Benefits

United Bumps Retiree Travel Perk to Back of Line

By Staff Report

Apr. 20, 2011

United Airlines retirees will take a back seat to current employees under a new policy on travel privileges at United Continental Holdings Inc.


The decision, announced late last month, is angering United retirees, who previously had priority over current employees when flying standby on otherwise empty seats.


The new policy, which takes effect Jan. 1, gives all current and retired workers of the Chicago-based airline eight vacation passes a year that guarantee both priority when flying standby. Once those passes are used up, however, current employees get priority over retirees.


The policy is similar to Continental’s rules before the airline merged with United. Under United’s old plan, retirees with more than 25 years of service had top priority when it came to flying standby on unused seats.


Flight privileges are among the most cherished perks for airline employees and retirees, especially in the case of United, which slashed its pension program in bankruptcy.


More than 3,600 people have signed an online petition objecting to the change. Among the comments by hundreds of retirees: “This is unbelievable. I worked years giving back my pay and then years with no pay raise at all. My medical is ridiculous. … My pension was destroyed. All we have left are our travel benefits and now we are supposed to accept this package. United has never gotten the concept of treating their employees well.”


As the company merges the two airlines, it has to choose common policies for a host of benefits.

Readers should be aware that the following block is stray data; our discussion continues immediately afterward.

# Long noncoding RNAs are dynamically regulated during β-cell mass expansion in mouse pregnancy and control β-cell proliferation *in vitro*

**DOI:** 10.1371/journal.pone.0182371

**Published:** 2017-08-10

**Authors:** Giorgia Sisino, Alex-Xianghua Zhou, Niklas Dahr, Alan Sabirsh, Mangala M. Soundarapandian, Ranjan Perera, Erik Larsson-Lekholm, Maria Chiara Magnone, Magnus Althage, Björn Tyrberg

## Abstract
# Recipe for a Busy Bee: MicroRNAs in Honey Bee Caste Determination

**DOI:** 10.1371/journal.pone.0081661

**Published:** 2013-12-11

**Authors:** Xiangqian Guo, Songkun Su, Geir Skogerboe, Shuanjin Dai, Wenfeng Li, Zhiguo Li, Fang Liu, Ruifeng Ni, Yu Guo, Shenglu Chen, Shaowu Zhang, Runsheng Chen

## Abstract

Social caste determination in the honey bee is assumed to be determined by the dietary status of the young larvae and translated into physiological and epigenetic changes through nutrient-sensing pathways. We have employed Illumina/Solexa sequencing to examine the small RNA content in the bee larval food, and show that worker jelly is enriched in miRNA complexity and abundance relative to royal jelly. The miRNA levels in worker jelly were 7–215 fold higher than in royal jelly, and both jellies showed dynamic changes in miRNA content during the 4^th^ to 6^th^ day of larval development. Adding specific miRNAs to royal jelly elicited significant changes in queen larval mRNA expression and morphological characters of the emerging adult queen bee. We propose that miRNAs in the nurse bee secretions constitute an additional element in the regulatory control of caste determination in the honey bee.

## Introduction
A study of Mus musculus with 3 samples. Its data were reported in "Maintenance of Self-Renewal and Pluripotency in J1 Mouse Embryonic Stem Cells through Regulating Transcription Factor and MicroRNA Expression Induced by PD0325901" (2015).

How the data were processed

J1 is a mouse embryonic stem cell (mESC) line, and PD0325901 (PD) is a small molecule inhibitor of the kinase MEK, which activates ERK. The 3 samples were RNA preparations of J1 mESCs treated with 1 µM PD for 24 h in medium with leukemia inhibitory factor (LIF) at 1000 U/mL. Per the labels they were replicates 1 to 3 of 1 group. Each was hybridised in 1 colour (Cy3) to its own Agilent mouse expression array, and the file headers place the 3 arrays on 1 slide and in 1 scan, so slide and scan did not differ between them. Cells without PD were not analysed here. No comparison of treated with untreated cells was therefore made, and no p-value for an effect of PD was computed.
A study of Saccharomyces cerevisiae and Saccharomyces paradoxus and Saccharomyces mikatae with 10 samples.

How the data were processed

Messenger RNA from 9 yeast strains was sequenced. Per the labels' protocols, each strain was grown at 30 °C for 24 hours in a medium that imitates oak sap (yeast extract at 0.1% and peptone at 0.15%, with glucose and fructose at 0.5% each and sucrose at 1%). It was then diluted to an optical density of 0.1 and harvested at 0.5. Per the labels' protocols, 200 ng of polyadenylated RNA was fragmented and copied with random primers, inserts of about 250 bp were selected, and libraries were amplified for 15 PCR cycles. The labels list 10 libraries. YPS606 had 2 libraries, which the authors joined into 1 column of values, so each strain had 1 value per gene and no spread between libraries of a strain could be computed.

“We went through a careful and thoughtful process to align the travel benefit programs of our two companies,” United said in a written statement. “This program recognizes the hard work of both active employees and retirees, and provides meaningful travel privileges that are competitive with the industry.”


As with the paying public, the travel experience for employees is determined by status.


While all employees and retirees technically have the privilege to fly in unused coach seats whenever they’re available, the reality is the seats are limited.


The new policy of eight vacation passes is an improvement for Continental retirees, who previously didn’t get priority boarding privileges. Those were reserved for current employees.


But Continental executives aren’t likely to be happy with the new rules, either.


Continental’s old policy gave priority to management over rank-and-file. The new policy doesn’t distinguish between managers and line workers.  


Filed by John Pletz of Crain’s Chicago Business, a sister publication of Workforce Management. To comment, e-mail editors@workforce.com.